STIAS Lecture: Prof Curtis W Marean

You are hereby cordially invited to attend the third public STIAS lecture of 2012. This presents an opportunity to SU researchers and students, as well as members of the public, to learn more about the STIAS programme.

On this occasion Prof Curtis W Marean Institute of Human Origins, Arizona State University will present a talk with the title: Survivors on the Edge of Land and Sea: Modern Human Origins and How Coastal Life Helped Make Us Unique.

Date: Wednesday, 13 June 2012
Time: 18:00
Venue: Auditorium, STIAS Wallenberg Research Centre, Marais Street, Stellenbosch

  • Please note that the time and venue differ from the usual arrangements for STIAS lectures. Attendance is free, but requires that you individually reserve a seat. Please contact Felicia McDonald at 021 808 2581 or fmcdonald@sun.ac.za.

We look forward to welcoming you at this event – not to be missed!

Abstract
The lineage that leads to modern humans appeared between 200,000 and 150,000 years ago in Africa during a long harsh cold period in earth’s climate. Food was scarce and populations small. Many human lineages around the world went extinct while those that tapped the unique human abilities to be creative, rapidly advance technology, and eliminate competitors survived.

In the Cape of South Africa a unique confluence of rich resources on the land and sea, both immune to the harsh climates posed by a glacial earth, provided the ideal refuge for the modern human lineage. Ethnographic and archaeological data from around the world shows that the rich and predictable nature of a coastal cuisine leads to behaviors and cultural complexity unusual for hunter-gatherers, but those selfsame resource characteristics lead to heightened levels of intergroup violence.

I suggest that this stable and predictable resource base may have led to unusually cooperative inter-group behaviors at the origin point of our lineage, creating a new highly prosocial species that excelled at expanding its range at the expense of its sister lineages. This coastal adaptation forged the modern human adaptation we see among us today. It resulted in the modern human blitzkrieg of Eurasia, the quiet elimination of all our competitors, resulting in a lonely species that can now only look to the stars for a worthy competitor or companion.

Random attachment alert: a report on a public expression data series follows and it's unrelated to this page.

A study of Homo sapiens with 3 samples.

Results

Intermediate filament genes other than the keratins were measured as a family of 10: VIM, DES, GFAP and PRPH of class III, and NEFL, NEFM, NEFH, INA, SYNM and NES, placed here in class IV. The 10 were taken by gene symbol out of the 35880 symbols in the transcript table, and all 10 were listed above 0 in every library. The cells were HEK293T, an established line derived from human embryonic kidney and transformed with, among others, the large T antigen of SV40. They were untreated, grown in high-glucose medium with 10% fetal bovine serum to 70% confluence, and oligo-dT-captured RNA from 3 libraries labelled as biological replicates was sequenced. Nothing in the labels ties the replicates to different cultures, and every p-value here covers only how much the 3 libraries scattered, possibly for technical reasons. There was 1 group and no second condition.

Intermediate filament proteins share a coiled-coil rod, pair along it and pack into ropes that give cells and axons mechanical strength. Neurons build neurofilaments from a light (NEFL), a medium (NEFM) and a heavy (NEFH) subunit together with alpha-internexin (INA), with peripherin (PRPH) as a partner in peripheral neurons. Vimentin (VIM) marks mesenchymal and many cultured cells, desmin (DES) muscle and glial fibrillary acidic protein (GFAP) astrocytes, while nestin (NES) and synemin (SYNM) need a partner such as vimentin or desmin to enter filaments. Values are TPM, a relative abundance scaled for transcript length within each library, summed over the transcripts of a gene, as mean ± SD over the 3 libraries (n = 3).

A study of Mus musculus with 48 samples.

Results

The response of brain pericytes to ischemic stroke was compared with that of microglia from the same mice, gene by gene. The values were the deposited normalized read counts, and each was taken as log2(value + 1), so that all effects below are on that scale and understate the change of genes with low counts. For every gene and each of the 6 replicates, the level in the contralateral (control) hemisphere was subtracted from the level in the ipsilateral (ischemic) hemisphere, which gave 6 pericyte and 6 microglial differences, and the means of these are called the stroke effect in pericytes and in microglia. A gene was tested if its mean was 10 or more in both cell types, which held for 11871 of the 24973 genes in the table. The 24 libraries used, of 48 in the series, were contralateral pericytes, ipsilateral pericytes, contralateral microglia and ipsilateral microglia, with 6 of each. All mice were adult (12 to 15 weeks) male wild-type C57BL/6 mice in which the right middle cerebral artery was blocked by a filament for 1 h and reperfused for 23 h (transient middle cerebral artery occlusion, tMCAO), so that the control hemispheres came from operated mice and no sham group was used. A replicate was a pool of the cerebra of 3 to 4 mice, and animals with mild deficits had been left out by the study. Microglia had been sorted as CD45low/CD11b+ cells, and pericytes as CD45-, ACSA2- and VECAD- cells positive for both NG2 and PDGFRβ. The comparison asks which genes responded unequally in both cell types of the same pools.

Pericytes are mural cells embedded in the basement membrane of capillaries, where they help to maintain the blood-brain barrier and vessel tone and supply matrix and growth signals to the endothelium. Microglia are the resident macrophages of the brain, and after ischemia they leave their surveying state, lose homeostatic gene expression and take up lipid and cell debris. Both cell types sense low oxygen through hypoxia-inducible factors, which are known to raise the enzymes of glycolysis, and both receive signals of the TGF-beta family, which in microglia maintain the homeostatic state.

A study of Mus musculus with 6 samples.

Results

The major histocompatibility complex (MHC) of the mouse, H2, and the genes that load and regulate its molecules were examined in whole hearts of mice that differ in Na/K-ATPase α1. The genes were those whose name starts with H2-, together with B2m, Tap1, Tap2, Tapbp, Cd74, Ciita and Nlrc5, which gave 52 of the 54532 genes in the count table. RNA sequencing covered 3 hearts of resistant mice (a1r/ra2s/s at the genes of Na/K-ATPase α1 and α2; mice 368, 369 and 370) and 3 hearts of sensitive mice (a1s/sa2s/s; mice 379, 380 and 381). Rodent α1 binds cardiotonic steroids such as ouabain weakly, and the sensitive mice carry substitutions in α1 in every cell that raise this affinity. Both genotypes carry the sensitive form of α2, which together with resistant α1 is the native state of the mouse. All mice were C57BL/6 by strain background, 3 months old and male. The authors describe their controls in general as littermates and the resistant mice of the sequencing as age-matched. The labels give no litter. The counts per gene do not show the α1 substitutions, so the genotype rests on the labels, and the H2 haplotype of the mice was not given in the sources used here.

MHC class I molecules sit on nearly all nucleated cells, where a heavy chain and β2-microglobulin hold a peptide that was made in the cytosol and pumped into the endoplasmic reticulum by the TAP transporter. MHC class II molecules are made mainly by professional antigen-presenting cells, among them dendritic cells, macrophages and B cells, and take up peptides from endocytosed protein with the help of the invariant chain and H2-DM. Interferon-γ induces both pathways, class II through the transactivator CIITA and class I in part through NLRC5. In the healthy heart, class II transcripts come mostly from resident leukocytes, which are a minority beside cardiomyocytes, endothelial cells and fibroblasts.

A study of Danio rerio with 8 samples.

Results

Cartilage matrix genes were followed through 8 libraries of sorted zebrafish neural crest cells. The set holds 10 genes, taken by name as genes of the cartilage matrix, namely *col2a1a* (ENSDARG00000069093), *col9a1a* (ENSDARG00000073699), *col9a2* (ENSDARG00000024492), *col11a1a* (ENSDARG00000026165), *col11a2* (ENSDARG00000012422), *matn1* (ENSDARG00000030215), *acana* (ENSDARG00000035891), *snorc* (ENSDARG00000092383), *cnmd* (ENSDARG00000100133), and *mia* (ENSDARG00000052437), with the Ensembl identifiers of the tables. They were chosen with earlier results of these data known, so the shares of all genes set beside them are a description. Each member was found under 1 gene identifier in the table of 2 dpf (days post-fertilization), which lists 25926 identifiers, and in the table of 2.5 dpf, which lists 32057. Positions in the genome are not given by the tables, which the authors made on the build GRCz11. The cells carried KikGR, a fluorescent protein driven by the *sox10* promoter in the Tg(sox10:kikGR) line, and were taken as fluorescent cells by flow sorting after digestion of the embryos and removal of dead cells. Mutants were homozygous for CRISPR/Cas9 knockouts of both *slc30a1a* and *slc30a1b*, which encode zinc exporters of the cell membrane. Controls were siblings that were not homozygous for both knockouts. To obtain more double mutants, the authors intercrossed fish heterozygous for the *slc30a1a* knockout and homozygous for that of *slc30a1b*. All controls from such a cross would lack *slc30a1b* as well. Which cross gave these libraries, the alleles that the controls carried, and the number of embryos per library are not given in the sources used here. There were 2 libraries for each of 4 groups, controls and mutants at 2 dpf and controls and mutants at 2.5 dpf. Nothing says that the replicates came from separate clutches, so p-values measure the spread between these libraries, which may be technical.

Curtis W Marean received his PhD from the University of California at Berkeley in 1990, and is now associate director of the Institute of Human Origins in the School of Human Evolution and Social Change at Arizona State University. His research interests focus on the origins of modern humans, the prehistory of Africa, the study of animal bones from archaeological sites, and climates and environments of the past. In the area of the origins of modern humans, he is particularly interested in questions about foraging strategies, for example when humans became effective hunters of large antelope, and the timing and processes underlying the evolution of modern human behavior. Dr Marean has a special interest in human occupation of grassland and coastal ecosystems, and the role people play in the form of these ecosystems.

Dr Marean conducts a variety of studies using zooarchaeology, the study of animal bones, and taphonomy, the study of how bones become fossils. He also is a dedicated field researcher and has conducted fieldwork in Kenya, Tanzania, and Somalia, and since 1991 has focused his field efforts in coastal South Africa. He is the principal investigator for the South African Coast Paleoclimate, Paleoenvironment, Paleoecology, Paleoanthropology (SACP4) project based around Mossel Bay in South Africa. The goal of this large international project, funded by the National Science Foundation and the Hyde Family Foundation, is to develop a complete climatic and environmental curve for southern Africa spanning 400 000 to 30 000 years ago. This will have implications for our understanding of modern human origins, but also will inform us on the response of terrestrial ecosystems to potential long-term climate change, and thus be directly relevant to the future of humanity in the light of future climatic shifts.